Kenya Floods (MDRKE043) - Operations update no. 1


Kenya Red Cross Society (KRCS) is currently working on a revision of the Emergency Appeal following updated information from detailed assessments conducted by the NS on extent of damage and needs of the affected beneficiaries.
KRCS will use the revision to align the response plan taking into consideration changes in needs, activities that are covered through bi-lateral support received from other partners and donors.
The Emergency appeal is 10% funded, the IFRC appeals for more funding to enable the Kenya Red Cross to meet the needs of the floods affected population. The IFRC thanks the Canadian, Japanese, American, Netherlands and Swedish Red Cross for the financial contribution to the response.


Description of the disaster

Kenya Meteorological Department’s in February 2018 forecasts indicated that in April Kenya would have near-normal to above normal rainfall in North-western, Western, Central Rift Valley, Northern Kenya (Marsabit area), Central and South-eastern Kenya. The predictions indicated that most parts of North-western, Western, Coastal strip, Central Rift Valley and Central Kenya would likely experience slightly enhanced rainfall in May while the entire eastern sector of the country would experience depressed rainfall. The March-April-May rainfall started mid of April 2018 and were occasioned by heavy downpour in Western and Nyanza regions affecting Busia, Kisumu and Homabay Counties; South Rift region affecting Nakuru, Narok, Kajiado Counties; North Rift region affecting Trans Nzoia, Baringo, Nandi, Elgeyo Marakwet, Turkana, West Pokot Counties; North Eastern region affecting Mandera, Garissa, Wajir Counties; Upper Eastern region affecting Samburu, Marsabit and Isiolo counties; Central region affecting Nyandarua, Nyeri, Kiambu, Murang’a, Kirinyaga counties and Coast region affecting Mombasa, Kwale, Kilifi, Lamu, Tana River, Taita/Taveta counties.

The heavy rains resulted in water levels in seven Folks Dams spilling causing further flooding due to spillages. The most impact was linked to Solai Dam in Nakuru which washed away causing 283 households to be displaced and 47 deaths. The Kenya Electricity Generating Company (KenGen) dams of Kiambere, Gitaru, Kamburu, Kindaruma and Masinga dams begun to spill on the 17 May 2018 resulting into further flooding in parts of Garissa, Tana River and Kitui counties.

At least 97 people were injured and186 people lost their lives (exclusive of deaths related to disease outbreaks) because of floods-related incidents. The flooding also caused significant damage to infrastructure, sections of roads were cut off, paralyzing transport in Wajir, Isiolo, Mandera, Marsabit, Tana River, Lamu and Garissa Counties. Populations in Kisumu (Nyando and Muhoroni), Tana River, Isiolo and Marsabit were cut off from access to health services with more than 42 Health facilities in these areas rendered inaccessible.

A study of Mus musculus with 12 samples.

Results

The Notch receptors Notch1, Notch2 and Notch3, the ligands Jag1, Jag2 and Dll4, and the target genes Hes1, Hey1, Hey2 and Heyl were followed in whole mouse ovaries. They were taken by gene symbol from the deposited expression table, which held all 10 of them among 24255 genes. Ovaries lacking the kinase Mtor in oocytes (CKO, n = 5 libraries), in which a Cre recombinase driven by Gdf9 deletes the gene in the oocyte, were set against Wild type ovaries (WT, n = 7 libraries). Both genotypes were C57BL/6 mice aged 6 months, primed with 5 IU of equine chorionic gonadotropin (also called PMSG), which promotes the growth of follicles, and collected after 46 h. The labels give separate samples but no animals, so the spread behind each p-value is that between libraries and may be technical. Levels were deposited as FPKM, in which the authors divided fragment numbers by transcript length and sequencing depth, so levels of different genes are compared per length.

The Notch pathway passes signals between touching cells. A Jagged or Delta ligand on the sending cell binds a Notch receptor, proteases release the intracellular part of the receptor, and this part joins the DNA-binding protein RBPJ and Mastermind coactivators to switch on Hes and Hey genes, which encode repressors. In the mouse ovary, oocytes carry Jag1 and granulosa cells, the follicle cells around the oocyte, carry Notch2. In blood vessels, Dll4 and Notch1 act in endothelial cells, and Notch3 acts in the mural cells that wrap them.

According to the Ministry of Health’s Disease Outbreak situation report released on 21 May, 2018, there is active cholera outbreak that has so far affected 18 counties since January 2018 with active transmission in eight counties including Garissa, Meru, Turkana, West Pokot, Isiolo, Nairobi, Kiambu and Elgeyo Marakwet. The Weekly surveillance reports from the MOH indicate that there is ongoing transmission of Dengue fever and Chikungunya in the North Eastern and Coastal Counties with an increased likelihood of upsurges due to the flooding experienced in these areas. There are also relatively high numbers of malaria cases in the flood prone counties in the malaria low endemic and epidemic prone areas. The affected counties also still struggle with relatively high levels of malnutrition amongst the children under-five years, pregnant and lactating mothers as access to food has been interrupted. It is worth noting that the country has active measles transmission which could be exacerbated with the compromised immunity among under-fives due to under-nutrition. Counties that have been cut off such as Wajir and Mandera are experiencing serious challenges with access to essential commodities and supplies like drugs and related pharmaceutical supplies, nutrition commodities food and other essentials.

Access to markets in Garissa, Wajir and Tana River counties is still disrupted due to infrastructural damage caused by the floods. Some of the affected population are at a risk of food shortage as they continue to survive on diminishing stocks. At least 68,780 acres of farmland is submerged in water, destroying crops within the same counties that had been affected by drought. Incidences of landslides have also been reported in a number of Counties including Nandi and Murang’a Counties. Water supply and irrigation infrastructure was extensively damaged in Coast province (specifically the major Baricho Water supply), Makueni County (specifically Wote Town Water Supply), Nakuru County (specifically Solai Dam), Garissa County, Tana River County & Isiolo County cutting affecting water supply. irrigation systems were also damaged in Garissa, Tana River, Kibwezi, and Makueni Counties.

To date, the floods have affected 40 counties in the country and have left 50,221 households displaced, a 52% increase from the initial appeal. KRCS teams continue with interventions in the affected counties as has been detailed in the various sections.